From rumblings of inner-city bans of older diesel cars to German carmakers paying customers to trade in their vehicles for electric alternatives, diesel is once again under a choking cloud of bad publicity.
Sales of diesel cars in Britain fell by a fifth in July, while online searches for second-hand electric vehicles have risen by 700%, according to the Society of Motor Manufacturers and Traders and Auto Trader, respectively.
Diesel’s share of the new car market has been falling steadily for many years. It was 42.5 % in June — the smallest market share since March 2010.
For years, the UK government incentivised consumers to buy diesel cars because they emit around a fifth less C02 than their petrol equivalents. But the diesel engines, particularly older models, also emit nitrogen oxide and other pollutants, which contaminate roadside air and have been linked to respiratory conditions.
But carmakers have begun hitting back, with many now pointing out that Euro 6, the latest iteration of diesel technology, is cleaner than earlier models.
And many are incentivising drivers to get rid of their older diesel cars in favour of newer, cleaner, machines. BMW and Mercedes have launched a scheme to offer drivers of old diesels cash in return for ditching their old models and upgrading to newer, cleaner vehicles.
Volkswagen, with its Audi, Porsche, Skoda and Seat brands, is also considering a UK repurchase programme, although it is waiting for sign-off from its corporate headquarters in Germany to launch the scheme in Britain, according to two people briefed on the situation.
Consumer searches for diesel cars have also fallen. Around a quarter of Auto Trader searches specify fuel type of those, motorists selecting to view diesel cars has fallen from 71% in November 2016 to just 54% in May, though the figure rose slightly to 57% in July.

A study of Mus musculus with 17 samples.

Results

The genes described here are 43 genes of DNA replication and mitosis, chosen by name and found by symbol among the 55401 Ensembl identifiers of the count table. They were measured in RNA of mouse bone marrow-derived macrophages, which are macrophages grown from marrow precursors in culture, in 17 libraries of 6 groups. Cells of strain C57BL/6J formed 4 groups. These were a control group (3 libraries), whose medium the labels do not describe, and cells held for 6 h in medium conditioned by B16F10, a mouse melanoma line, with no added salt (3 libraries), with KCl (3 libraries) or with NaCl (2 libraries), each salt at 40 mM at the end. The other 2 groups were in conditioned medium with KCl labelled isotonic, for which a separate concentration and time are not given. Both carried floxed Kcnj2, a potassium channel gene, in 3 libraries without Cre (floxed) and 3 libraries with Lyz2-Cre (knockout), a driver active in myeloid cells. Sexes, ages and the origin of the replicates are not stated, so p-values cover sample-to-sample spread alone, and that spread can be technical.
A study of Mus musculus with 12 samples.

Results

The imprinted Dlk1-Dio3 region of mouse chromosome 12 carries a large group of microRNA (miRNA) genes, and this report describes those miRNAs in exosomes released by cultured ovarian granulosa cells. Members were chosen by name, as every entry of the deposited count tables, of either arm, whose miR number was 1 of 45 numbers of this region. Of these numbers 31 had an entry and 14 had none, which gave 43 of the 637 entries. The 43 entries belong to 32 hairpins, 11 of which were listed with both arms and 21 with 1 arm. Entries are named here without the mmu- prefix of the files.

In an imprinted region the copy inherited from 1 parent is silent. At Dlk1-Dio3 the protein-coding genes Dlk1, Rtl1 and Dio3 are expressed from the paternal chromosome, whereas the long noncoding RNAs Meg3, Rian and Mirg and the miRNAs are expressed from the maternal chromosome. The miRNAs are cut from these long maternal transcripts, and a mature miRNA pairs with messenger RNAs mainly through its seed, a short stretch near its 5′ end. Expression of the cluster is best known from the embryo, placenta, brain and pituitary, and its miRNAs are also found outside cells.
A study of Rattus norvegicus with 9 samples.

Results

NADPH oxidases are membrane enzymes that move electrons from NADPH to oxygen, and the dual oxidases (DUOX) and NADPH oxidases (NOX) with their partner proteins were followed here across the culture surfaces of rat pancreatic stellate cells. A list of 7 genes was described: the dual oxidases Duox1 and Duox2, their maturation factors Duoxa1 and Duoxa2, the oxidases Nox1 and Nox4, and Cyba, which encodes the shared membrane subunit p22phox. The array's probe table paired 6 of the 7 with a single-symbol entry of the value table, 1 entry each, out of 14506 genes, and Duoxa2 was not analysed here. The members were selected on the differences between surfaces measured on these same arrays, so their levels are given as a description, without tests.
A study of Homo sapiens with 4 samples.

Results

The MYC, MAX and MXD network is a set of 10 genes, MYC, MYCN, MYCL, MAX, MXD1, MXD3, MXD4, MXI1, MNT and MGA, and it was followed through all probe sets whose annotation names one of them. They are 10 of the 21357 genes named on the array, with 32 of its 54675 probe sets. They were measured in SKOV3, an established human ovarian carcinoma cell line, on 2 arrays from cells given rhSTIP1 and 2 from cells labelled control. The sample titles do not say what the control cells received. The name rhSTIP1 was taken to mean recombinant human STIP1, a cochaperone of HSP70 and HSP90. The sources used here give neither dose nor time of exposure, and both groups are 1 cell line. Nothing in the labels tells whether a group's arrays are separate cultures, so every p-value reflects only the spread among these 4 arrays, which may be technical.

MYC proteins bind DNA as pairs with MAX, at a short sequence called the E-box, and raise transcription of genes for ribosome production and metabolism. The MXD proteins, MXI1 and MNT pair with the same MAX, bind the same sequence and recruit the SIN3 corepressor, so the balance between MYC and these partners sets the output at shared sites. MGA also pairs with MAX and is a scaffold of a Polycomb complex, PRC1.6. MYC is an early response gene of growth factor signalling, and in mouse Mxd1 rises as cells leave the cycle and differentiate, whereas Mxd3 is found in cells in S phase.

Mercedes-Benz Trucks has reportedly taken its 3D printing strategy one stage further by printing robust, heat resistant metal parts form digital data records.
Mercedes-Benz Trucks has 3D printed a heat resistant thermostat cover, an example of what it calls ‘cost effective spare and special parts production’. This is replacement part is only ordered in small numbers, and is used in older truck and Unimog models whose production ceased around 15 years ago.
The part has been described as passing all the stages of Mercedes-Benz’s stringent quality assurance process ‘smoothly’.
The production of the metal parts is being made possible through digital data records and therefore saves on expensive special tools, storage and transport costs.
A trial will see 81 biogas lorries of varying sizes take to the road to review their performance, fuel efficiency, reliability and costs.
Led by industrial gases major Air Liquide, the biogas lorry trial is funded by the UK Office for Low Emission Vehicles (part of the Department for Transport) and is a partnership with Innovate UK via a new initiative, the Low Emission Freight and Logistics Project. It involves five different sizes of heavy goods vehicle ranging from 12 to 44 tonnes and all the vehicles are new to British roads.
The trial vehicles will be operated in ten different configurations and use three fuels: biomethane and compressed and liquefied natural gas (CNG and LNG). Those running on natural gas are expected to see reductions in CO2 emissions of up to 8% in comparison to conventional diesel lorries of the same size, while biomethane is expected to give savings of 70%.
The trial will also test the effectiveness of a refrigerated trailer using a cryogenic liquid nitrogen cooling system, which is also expected to reduce CO2 emissions and improve air quality.
Several haulage fleet operators are involved in the trial, including Kuehne + Nagel, Wincanton, ASDA, Brit European, Howard Tenens and Great Bear.
Major US car firms have reported a sharp fall in sales in sales in July, driven by lower rental fleet sales and weaker consumer demand.
Sales were down by 15% at General Motors, 10% at Fiat Chrysler and 7.5% at Ford compared with July 2016.
After several years of record growth, July looks set to become the fifth month in a row to see a fall in overall US car sales. The fall comes amid weak in consumer income and spending growth in the US.
Mustafa Mohatarem, chief economist at General Motors, said he expected sales to improve in the coming months although they were unlikely to match last year’s record.
Key US economic fundamentals remain supportive of strong vehicle sales,” he said in a statement. “Under the current economic conditions, we anticipate the second half of 2017 will be much stronger than the first half.”
US car manufacturers have been deliberately scaling back sales to rental car companies, because they often bring them little in the way of profits. It is that strategy that drove some of the steepest sales declines last month.
Overall US vehicle sales at four big firms – Ford, General Motors, Fiat Chrysler and Toyota – have fallen by between about 3% and 7% so far this year. Ford expects retail sales across the industry to fall by about 6% for the year as a whole.